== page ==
The Loch Etive is famous for one primary reason - Joseph Conrad served in her as 3rd mate in the earlier period of his sea career. One of Conrad’s most popular books among seamen was "Mirror of the Seas." He refers to the Loch Etive is this book as follows:

"The ship was one of those iron wool clippers that the Clyde had floated out in swarms upon the world during the seventh decade of the last century. It was a fine period in shipbuilding and also, I might say, a period of overmasting. The spars rigged up on the narrow hulls were indeed tall then, and the ship of which I think, with her colored-glass skylight-ends bearing the motto,‘Let Glasgow Flourish,’ was certainly one of the most heavily-sparred specimens. She was built for hard driving, and unquestionably she got all the driving she could stand."

The Loch Etive was the fifteenth vessel built by Messrs. J. and A. Inglis for the famous Loch Line of Glasgow, managed by Messrs. Aitken, Lilburn & Co. She was 1,235 tons registered, measuring 226 feet 9 inches in length, 35 feet 9 inches breadth and 21 feet 6 inches depth of hold. She was heavily rigged with a skysail yard at the main. She did carry her canvas well and it was never recorded that she lost a spar of any consequence. In her later years she was cut down to a barque to save expenses. Follow this link to see a fascinating gallery of photos of the Loch Etive held by the National Library of Australia

The Loch Etive was launched in November, 1877. Her new Commander was Captain William Stuart of Peterhead, who commanded her from her launch until 1894. He had previously been Master of the famous clipper 'Tweed', this ship being famous the world over for her speed. He was only tempted away from the Tweed due to the fact that she was getting old (having been launched in 1854) and was becoming a bit leaky and loose in her fastenings. Although Captain Stuart drove the Lock Etive as hard as he had the Tweed, the ship was a disappointment to him after the Tweed. The Loch Etive was, after all, a modern iron clipper. The Loch Etive was put into the Sydney trade to start with. On her maiden voyage she was not favoured by good winds but did make an excellent time to Syndey Harbour, arriving on April 3rd, 76 days out from the mouth of the Channel. She did not load wool on her first voyage, Captain Stuart taking her to Calcutta to load a jute cargo home. Captain Stuart was given a free hand by her owners, for he was a noted money- maker when it came to cargoes.

The Loch Etive’s passages, both outwards and homewards, seem to have averaged about 90 days. Then she suddenly made two outstanding voyages. On October 15th, 1892, she left Glasgow and arrived in Hobson’s Bay on Christmas Day, 70 days out from the Tail of the Bank. Then leaving Melbourne with a wool cargo on January 26th, 1893, she arrived in the Thames on April 29th, 93 days out, being under 6.5 months for the round voyage. At 8 pm on September 23rd, 1893, she sailed from the Clyde for Adelaide, which she reached at 10 am on December 12th, 80 days out.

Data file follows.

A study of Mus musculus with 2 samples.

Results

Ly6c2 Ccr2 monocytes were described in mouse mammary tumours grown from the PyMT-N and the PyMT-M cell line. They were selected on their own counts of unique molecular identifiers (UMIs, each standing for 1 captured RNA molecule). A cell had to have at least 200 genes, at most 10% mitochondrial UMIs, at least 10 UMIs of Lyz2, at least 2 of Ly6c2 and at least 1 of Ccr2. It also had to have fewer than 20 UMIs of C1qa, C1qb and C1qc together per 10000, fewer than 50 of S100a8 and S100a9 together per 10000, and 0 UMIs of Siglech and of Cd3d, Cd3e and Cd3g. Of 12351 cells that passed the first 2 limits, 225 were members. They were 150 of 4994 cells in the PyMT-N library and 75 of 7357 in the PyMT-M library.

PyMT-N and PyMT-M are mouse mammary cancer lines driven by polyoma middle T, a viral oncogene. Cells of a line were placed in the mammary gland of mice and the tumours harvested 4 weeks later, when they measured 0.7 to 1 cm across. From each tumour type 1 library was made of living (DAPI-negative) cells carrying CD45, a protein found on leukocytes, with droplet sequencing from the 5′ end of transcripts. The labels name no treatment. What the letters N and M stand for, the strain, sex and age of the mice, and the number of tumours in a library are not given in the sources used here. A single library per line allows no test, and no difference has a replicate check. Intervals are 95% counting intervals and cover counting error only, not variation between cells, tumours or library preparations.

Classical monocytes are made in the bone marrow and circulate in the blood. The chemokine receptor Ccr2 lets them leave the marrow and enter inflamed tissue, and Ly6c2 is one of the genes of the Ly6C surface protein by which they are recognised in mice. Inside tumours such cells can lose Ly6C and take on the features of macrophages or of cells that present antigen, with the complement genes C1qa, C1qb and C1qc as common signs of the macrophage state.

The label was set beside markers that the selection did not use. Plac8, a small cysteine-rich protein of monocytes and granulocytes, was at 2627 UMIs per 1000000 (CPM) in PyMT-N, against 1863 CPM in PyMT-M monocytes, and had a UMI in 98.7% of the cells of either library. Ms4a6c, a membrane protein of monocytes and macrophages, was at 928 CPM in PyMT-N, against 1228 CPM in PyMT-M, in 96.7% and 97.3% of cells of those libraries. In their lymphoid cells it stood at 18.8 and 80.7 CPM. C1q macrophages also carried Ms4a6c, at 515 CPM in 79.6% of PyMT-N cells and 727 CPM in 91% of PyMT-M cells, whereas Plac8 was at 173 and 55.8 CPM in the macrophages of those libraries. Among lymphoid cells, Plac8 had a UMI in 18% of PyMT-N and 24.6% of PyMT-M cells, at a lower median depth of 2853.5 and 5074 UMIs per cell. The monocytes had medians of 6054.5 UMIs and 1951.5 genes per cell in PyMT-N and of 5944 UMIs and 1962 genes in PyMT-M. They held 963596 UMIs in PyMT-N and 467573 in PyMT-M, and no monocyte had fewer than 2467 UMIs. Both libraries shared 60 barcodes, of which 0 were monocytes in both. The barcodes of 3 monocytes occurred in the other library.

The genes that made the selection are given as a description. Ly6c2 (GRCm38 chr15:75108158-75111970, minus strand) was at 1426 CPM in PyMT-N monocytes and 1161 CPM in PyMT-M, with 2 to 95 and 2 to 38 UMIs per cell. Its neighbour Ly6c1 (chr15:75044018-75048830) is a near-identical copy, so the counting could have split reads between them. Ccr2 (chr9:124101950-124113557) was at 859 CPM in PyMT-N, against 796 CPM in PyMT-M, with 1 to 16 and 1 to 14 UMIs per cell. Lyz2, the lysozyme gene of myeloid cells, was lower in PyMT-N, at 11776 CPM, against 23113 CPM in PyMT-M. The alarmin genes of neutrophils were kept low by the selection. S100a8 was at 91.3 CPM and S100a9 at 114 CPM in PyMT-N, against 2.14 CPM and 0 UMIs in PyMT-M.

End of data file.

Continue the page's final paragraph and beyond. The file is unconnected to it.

It is evident that old Captain Stuart was still a hustler, for she towed to the powder ground, discharged 20 tons of gunpowder and berthed at the wharf for discharging on the same afternoon! On the 13th she began discharging 800 tons of cargo; she then took on board 300 tons of lead spelter, towed down the river, and on the 16th dropped her anchor off the Semaphore; sailed on the 17th, and arrived at Melbourne on the 19th! Here she discharged the remainder of her cargo, some 750 tons, and took wool for Antwerp. On his departure, Captain Stuart left Melbourne Heads on January 18th, 1894, but was held up in Bass Straits by light winds for a week. The Horn was passed, 3 miles off, at noon on February 15th, the Equator crossed at noon on March 15th, the Lizard signaled at noon on April 12th, and the ship docked in Antwerp on April 15th, 87 days out.

Captain Stuart was ill, but still sailed again from Glasgow on September 16th. The famous master mariner passed away five days out to sea and was buried at sea - he was 63 years young. He had been 43 years a shipmaster, with the proud record of never having lost a man or a mast overboard. He had been offered command many times of the new steamships, but he always remained faithful to his old windjammers. Many of his men had sailed with him for voyage after voyage, and a number of them had reached command after having been not only sea trained, but educated by Captain Stuart. Joseph Conrad was one of those who was in awe of the great man and looked upon him as the ideal of a sailor. The first mate, Mr. Wade, took the ship to Adelaide in 98 days. There the command was given to Captain Fishwick, who commanded her from 1895 until 1909.

The Loch Etive had her mizzen-yards and main skysail removed as an economy move in 1904. On November 13th, 1904, she left Glasgow as a barque; passed the Tuskar on the 19h, and crossed the Line on December 12th. The Prime Meridian was crossed on January 2nd, 1905, and the Cape Meridian on January 7th.. The Leeuwin Meridian was crossed on January 27th, and the ship arrived in Port Jackson, only 80 days out. This was a very smart passage to make after being cut down, and the shippers at once decided that her sailing powers had not been spoilt. Right up to 1911 the Loch Etive continued to load cargoes for Adelaide, Melbourne and Sydney. Captain Anderson had succeeded Captain Fishwick. In 1911 the old Loch Liner was sold to the French for the paltry sum of 1,350 pounds sterling, and by 1914 she had disappeared from the register.